Former Trump adviser Steve Bannon arrested, pleads not guilty to defrauding donors

Steve Bannon, former Trump advisor, arrested, accused of defrauding donors

WASHINGTON — President Donald Trump’s former adviser Steve Bannon has been arrested on charges related to a fundraising scheme that prosecutors say defrauded hundreds of thousands of people who donated to a crowdfunding campaign aimed at building a wall on the U.S.-Mexico border.

Federal authorities including the U.S. Postal Inspection Service arrested Bannon, 66, on Thursday morning, along with entrepreneur Andrew Badolato, 56, Timothy Shea, 49, and We Build the Wall founder Brian Kolfage, 38.

Update 5:07 p.m. EDT Aug. 20: Steve Bannon pleaded not guilty to charges related to a fundraising scheme aimed at building a border wall on the border between the United States and Mexico.


Original report: Acting U.S. Attorney Audrey Strauss said in a statement Thursday that the defendants “defrauded hundreds of thousands of donors, capitalizing on their interest in funding a border wall to raise millions of dollars under the false pretense that all of that money would be spent on construction.”

“While repeatedly assuring donors that Brian Kolfage, the founder and public face of We Build the Wall, would not be paid a cent, the defendants secretly schemed to pass hundreds of thousands of dollars to Kolfage, which he used to fund his lavish lifestyle,” Strauss said.

In an indictment unsealed Thursday, authorities said Kolfage “covertly took more than $350,000″ of the more than $25 million raised by the campaign.

In addition, “(Bannon), through a non-profit organization under his control ... received over $1,000,000 from We Build the Wall, which (Bannon) used to, among other things, secretly pay (Kolfage) and to cover hundreds of thousands of dollars in (Bannon’s) personal expenses,” according to the indictment.

Authorities said the defendants used fake invoices and vendor arrangements to hide money transfers through Bannon’s unnamed non-profit organization and a shell company that Shea controlled.

Trump told reporters Thursday that he wasn’t involved in We Build the Wall and that he thought it was inappropriate to use private funds for construction of the wall. Still, he said he felt “very badly” for Bannon.

“I haven’t been dealing with him for a very long period of time,” the president said, adding that the thought We Build the Wall was launched “for showboating reasons.”

In December 2018, Kolfage launched We Build the Wall as Trump grappled with Congress over funding for constructing his promised border wall. The campaign went live on GoFundMe as “We The People Will Fund The Wall” with the stated goal of raising $1 billion.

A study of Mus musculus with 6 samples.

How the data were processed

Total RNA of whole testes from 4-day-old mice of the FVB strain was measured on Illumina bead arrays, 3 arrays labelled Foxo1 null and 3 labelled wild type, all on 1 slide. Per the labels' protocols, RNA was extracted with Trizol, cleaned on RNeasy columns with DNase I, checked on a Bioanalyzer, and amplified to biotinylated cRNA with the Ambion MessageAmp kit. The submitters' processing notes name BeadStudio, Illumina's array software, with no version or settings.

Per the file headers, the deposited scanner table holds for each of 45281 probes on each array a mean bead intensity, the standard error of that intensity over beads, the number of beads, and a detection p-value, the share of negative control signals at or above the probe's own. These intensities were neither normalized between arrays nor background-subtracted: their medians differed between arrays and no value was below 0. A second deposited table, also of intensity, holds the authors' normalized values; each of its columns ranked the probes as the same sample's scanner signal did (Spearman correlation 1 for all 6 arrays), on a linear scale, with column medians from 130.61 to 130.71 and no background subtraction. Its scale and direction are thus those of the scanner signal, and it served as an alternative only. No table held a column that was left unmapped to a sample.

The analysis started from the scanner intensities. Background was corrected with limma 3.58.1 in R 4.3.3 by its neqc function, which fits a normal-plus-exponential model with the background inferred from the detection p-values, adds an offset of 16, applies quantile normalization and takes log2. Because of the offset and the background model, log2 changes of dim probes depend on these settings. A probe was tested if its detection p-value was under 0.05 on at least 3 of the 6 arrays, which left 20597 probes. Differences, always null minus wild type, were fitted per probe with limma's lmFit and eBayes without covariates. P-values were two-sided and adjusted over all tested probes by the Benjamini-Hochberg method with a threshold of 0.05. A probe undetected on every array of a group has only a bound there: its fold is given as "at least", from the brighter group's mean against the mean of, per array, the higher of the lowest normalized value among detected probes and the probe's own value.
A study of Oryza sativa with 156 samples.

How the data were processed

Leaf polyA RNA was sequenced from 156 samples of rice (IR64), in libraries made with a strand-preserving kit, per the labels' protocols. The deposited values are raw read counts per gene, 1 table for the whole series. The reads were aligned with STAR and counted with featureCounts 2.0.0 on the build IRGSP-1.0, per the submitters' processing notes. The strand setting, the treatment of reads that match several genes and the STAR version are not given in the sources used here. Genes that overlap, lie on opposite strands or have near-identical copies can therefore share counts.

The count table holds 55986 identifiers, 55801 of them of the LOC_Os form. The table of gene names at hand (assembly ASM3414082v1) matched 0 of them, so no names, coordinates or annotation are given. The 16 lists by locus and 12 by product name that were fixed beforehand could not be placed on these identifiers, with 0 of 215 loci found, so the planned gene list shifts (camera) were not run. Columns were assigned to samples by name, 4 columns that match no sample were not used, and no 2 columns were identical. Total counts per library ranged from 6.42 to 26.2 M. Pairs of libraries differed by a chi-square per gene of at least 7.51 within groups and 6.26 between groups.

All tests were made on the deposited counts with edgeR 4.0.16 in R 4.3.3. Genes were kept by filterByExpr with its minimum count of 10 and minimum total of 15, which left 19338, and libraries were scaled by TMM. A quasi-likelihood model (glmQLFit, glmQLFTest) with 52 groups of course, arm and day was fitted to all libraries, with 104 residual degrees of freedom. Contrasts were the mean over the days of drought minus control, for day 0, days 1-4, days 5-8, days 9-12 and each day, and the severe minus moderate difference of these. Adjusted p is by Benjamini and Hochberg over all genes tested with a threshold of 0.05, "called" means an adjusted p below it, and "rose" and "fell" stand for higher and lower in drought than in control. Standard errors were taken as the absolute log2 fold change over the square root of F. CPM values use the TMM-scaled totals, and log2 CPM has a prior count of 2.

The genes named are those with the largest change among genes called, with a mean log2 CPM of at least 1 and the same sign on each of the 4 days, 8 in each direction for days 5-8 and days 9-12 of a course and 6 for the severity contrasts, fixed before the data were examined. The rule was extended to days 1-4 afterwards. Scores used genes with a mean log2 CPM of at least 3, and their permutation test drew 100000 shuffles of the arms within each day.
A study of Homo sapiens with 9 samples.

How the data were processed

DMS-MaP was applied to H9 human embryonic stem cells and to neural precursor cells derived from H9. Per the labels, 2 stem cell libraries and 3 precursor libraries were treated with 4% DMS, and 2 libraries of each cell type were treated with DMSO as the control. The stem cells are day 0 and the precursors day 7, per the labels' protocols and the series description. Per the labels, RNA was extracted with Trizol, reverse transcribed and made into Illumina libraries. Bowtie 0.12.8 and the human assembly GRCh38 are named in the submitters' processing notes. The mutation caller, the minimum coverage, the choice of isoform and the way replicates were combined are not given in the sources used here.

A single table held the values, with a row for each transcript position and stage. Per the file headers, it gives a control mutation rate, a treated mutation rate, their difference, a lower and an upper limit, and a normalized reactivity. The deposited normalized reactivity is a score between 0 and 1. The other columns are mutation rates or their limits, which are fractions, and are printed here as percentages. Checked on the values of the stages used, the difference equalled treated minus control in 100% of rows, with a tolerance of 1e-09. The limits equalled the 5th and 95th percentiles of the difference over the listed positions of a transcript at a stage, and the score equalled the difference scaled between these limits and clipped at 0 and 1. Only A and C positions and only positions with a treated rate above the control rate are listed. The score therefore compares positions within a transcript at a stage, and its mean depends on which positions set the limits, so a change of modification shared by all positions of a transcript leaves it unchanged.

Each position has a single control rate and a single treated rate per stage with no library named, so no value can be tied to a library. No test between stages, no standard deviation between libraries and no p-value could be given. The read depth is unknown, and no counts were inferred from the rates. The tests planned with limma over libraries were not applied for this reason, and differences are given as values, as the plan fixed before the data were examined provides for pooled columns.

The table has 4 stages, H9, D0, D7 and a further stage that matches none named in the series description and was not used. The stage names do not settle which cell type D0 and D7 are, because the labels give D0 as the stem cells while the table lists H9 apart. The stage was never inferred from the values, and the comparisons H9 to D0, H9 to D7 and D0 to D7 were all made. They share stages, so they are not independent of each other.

“If we can fund a large portion of this wall, it will jump start things and will be less money Trump has to secure from our politicians,” Kolfage wrote on GoFundMe in 2018. “This won’t be easy, but it’s our duty as citizens.”

Prosecutors said Kolfage involved Bannon and Badolato, a venture capitalist, into the leadership of the GoFundMe campaign a short time after it launched. Within days, officials said the pair “took significant control of the fundraising campaign’s organization and day-to-day activities, including its finances, messaging, donor outreach, and general operations.”

GoFundMe suspended Kolfage’s campaign a short while after it was launched due to concerns over plans to give the raised money to the federal government rather than a legitimate non-profit organization. Working with Kolfage, authorities said Bannon and Badolato created a non-profit called We Build the Wall Inc. to continue fundraising activities, this time with the goal of building a private wall on the southern border.

In appeals to potential donors, Kolfage, Bannon and Badolato repeatedly insisted that funds raised would go entirely toward construction.

“(Kolfage) went so far as to send mass emails to his donors asking them to purchase coffee for his unrelated business, telling donors that the coffee company was the only way ‘he keeps his family fed and a roof over their head,’ because (Kolfage) was taking ‘no compensation’ from We Build the Wall,” according to the indictment.

Authorities said some funds did go toward construction, however, “hundreds of thousands of dollars were siphoned out of We Build the Wall for the personal use and benefit of (Kolfage), (Bannon), (Badolato) and (Shea).”

Working with Bannon and Badolato, prosecutors said Kolfage “reached a secret agreement whereby (Kolfage) would be coverly paid ‘$100k upfront [and] then 20 [per] month.”

Kolfage, Bannon, Badolato and Shea have been charged with one count each of conspiracy to commit wire fraud and conspiracy to commit money laundering. If they are convicted, they could face as many as 20 years in prison for each charge.